Posted: Jun 19, 2014 6:48 PM
Updated: Jun 30, 2014 3:12 PM
BROOKS COUNTY - As more illegal immigrants cross the border, the risk of death is becoming greater.
Border Patrol officials deployed more agents trained in search and rescue to scour the brush in Brooks County for those who are lost and in need of help.
The agents are emergency medical technicians or paramedics. They are learning the lay of the land, while racing to save lives.
Border Patrol agents in Brooks County recently used a search dog to search for a woman in distress.
"We're at the mercy of an illegal who lost his sister on the journey," said Jose Molina, a Border Patrol Search, Trauma and Rescue (BORSTAR) agent from El Paso.
The calls for search and rescues in the brush are about to increase as the temperatures soar, officials said.
The dog wasn't able to track the woman.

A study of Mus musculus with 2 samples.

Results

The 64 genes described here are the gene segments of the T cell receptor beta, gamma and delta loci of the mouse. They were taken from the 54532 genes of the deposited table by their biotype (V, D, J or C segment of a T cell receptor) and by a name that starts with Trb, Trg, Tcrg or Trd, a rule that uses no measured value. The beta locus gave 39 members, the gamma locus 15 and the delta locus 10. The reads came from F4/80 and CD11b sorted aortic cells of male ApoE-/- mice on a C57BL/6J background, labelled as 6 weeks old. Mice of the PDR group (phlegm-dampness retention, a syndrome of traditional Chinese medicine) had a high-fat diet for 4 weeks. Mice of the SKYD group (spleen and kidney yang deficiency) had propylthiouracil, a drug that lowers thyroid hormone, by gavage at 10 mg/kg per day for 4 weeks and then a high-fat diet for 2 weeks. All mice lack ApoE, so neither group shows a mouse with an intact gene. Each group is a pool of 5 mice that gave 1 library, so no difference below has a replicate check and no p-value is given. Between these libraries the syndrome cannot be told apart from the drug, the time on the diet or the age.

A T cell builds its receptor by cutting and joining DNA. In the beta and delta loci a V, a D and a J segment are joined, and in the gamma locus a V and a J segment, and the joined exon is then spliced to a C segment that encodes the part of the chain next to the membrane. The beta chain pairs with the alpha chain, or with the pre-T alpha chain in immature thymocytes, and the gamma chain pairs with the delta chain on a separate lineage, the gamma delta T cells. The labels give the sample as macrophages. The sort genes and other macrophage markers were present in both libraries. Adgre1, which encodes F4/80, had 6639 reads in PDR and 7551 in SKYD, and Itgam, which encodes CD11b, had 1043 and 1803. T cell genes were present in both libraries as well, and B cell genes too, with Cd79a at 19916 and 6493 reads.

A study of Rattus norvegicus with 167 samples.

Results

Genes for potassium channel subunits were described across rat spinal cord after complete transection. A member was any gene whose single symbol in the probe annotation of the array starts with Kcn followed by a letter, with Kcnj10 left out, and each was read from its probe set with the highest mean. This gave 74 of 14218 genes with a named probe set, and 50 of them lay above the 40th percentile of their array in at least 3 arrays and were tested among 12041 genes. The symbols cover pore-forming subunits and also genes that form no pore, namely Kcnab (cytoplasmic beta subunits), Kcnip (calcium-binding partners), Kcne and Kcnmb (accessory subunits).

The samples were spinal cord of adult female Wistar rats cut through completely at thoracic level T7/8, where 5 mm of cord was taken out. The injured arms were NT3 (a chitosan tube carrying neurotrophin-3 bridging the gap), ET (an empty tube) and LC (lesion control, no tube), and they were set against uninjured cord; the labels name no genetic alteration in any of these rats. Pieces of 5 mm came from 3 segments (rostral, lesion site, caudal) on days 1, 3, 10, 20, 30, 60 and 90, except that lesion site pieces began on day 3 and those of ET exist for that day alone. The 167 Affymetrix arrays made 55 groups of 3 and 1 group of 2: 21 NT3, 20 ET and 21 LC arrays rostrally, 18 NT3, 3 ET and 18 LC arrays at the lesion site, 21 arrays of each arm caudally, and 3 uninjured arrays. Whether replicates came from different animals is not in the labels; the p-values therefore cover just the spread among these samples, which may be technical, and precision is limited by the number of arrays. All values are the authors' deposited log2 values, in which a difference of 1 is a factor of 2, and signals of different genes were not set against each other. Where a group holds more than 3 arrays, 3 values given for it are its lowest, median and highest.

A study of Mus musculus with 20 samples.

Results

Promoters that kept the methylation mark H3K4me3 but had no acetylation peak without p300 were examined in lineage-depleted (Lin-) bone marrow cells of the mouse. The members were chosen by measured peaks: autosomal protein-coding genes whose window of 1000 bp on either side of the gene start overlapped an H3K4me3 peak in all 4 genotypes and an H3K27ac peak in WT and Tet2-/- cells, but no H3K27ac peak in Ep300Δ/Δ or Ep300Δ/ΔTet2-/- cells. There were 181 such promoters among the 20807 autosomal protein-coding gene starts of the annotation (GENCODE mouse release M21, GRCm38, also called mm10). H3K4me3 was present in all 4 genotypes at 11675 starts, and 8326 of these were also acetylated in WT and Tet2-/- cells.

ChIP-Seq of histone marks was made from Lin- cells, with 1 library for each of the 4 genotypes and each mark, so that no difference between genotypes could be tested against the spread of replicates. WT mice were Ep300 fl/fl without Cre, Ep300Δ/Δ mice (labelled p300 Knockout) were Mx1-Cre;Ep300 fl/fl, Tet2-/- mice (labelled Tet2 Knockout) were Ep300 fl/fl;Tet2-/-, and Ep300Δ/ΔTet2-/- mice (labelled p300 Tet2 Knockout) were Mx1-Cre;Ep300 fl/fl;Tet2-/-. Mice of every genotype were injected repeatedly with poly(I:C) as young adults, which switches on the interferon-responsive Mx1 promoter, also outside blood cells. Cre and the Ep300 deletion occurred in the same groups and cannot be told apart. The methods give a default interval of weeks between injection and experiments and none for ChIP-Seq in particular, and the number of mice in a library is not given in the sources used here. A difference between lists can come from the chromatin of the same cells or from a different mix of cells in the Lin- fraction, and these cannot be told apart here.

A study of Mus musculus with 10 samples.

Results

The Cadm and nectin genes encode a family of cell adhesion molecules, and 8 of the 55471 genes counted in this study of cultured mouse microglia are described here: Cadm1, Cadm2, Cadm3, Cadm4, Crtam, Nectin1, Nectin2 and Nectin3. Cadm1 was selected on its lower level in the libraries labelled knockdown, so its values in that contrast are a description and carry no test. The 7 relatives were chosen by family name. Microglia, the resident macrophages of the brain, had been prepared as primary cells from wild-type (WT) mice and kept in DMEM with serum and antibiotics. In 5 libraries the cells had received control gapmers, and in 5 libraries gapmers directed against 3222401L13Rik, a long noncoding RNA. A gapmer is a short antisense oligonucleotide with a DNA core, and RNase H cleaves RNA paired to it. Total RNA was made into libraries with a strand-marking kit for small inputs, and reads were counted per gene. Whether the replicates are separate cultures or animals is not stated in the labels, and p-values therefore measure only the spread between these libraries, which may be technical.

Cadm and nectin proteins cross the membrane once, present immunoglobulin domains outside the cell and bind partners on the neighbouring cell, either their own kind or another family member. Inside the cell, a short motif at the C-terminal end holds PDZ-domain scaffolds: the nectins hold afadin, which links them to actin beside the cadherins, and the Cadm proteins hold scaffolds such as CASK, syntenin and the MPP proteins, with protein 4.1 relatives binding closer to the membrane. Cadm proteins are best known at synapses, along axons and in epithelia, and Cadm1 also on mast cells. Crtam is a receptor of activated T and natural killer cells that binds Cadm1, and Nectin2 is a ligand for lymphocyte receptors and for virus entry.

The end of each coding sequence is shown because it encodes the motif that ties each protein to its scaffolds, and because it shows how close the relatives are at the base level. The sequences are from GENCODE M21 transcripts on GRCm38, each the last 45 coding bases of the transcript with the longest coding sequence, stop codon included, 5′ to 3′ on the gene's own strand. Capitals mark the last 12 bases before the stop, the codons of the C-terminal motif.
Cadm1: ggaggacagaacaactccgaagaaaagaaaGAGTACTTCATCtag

"It's a big area, so there's a lot to learn," Molina said. "I've been in the Valley since April 1. There's a learning curve."
Molina and 19 others are in the Rio Grande Valley, specifically to search and rescue illegal immigrants who don't want to get caught.
"A slow day can go to a busy day within minutes, within seconds," said Arnold Velasquez, a Border Patrol agent stationed in the Valley.
"You learn to adapt to different situations," Molina said. "What's the situation that I have, how many victims are there (and) what's their condition."
The agents must adapt quickly to the South Texas terrain.
"I think all the guys are here right now are fully aware of what they are getting into, and they welcome the challenge," Molina said.